Thursday, February 21, 2013

The Flickering Light

For those who have followed the journey, you know that the trajectory of my mom's condition, both physical and mental, has known only one direction over the past half dozen years. Expectations have been lowered to the point of extinction and an uncompromising reality has descended.

I enter my mom's apartment with my son, anticipating a repeat of the scene that has already played out in my head. My mom will be in her wheelchair, either in the kitchen or near the window in the dining room. I will make conversation, but that is really the wrong term, for there will be little or no discourse, just my monologue. 

My recent phone calls to my mom  have taken on a different quality. Some dormant spark has been ignited and she is almost chatty. What she has to say has made little sense, but just to hear her voice, to sense its intonations, and to be the recipient of words rather than the giver, is in itself a gift.

I begin chatting with my mom, stroking her head and her arms as I speak, telling her of the recent details of my life. Then, suddenly, she takes over. During the next 5 minutes or so, she weaves an intricate tale involving a plateful of interesting characters.To the best of my understanding, the primary focus is on a baby carriage, possibly a tiny child in a classroom and the lineage of this little person  (my mom is told that she is something like the cousin of an uncle of what appears to be a student). My son and I are almost giddy with delight as we try to piece together this story in our heads.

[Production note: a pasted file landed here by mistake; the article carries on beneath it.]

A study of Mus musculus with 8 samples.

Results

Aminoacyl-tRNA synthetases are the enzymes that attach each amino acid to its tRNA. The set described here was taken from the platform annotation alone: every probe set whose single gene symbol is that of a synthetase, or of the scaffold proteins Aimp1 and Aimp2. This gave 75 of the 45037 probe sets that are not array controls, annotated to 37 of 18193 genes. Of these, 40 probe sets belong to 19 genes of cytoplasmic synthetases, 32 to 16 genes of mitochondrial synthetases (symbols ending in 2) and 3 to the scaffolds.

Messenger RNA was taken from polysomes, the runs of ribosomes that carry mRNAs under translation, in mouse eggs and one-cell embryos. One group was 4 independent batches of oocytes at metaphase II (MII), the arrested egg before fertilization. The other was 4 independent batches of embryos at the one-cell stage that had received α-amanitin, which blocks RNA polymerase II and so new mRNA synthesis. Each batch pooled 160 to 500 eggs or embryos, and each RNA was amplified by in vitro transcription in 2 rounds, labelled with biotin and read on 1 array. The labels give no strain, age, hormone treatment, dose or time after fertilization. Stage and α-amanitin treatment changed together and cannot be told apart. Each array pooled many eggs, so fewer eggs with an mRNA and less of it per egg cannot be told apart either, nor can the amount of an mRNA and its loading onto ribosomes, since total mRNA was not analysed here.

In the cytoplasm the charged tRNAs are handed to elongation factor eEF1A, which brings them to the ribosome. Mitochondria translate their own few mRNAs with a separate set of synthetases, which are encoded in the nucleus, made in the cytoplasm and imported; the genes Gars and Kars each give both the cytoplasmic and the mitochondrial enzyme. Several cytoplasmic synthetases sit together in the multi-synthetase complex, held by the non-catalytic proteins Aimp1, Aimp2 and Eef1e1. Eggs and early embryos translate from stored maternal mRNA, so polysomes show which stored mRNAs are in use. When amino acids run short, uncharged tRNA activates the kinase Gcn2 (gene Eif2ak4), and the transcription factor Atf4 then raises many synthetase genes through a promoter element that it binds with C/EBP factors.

At one point, my mom gives an almost Seinfeldian "ya da, ya da, ya da", and my laughter is audible even to her ears that seem to take in almost nothing. "What is so funny?" she asks, and I am startled that she has connected my sounds to her proclamations. "Nothing, mom, you are just so cute."

She jumps back in to her storytelling, people wandering in and out on a moment's notice. Finally, she comes to a conclusion. She now seems to be in front of a large group, thanking everyone for having come to listen, and inviting every one back in the future for the next chapter in this saga. I applaud as the last phrases come tumbling out.

There is an unadulterated joy in knowing that, at least for a brief moment, my mom's downward spiral has been stopped. The vibrancy and vitality in her presentation show life where I had long ago given up reasonable hope of ever finding anything but ashes. To see the light flicker on, to hear even faint sounds of my mother coming forth, seems almost a miracle.


Dennis said...

You deserved that moment. You have been a good son. Cherish it and remember it always.

Alex said...

You have a gift for capturing moments with your words. Wish that I could have been there.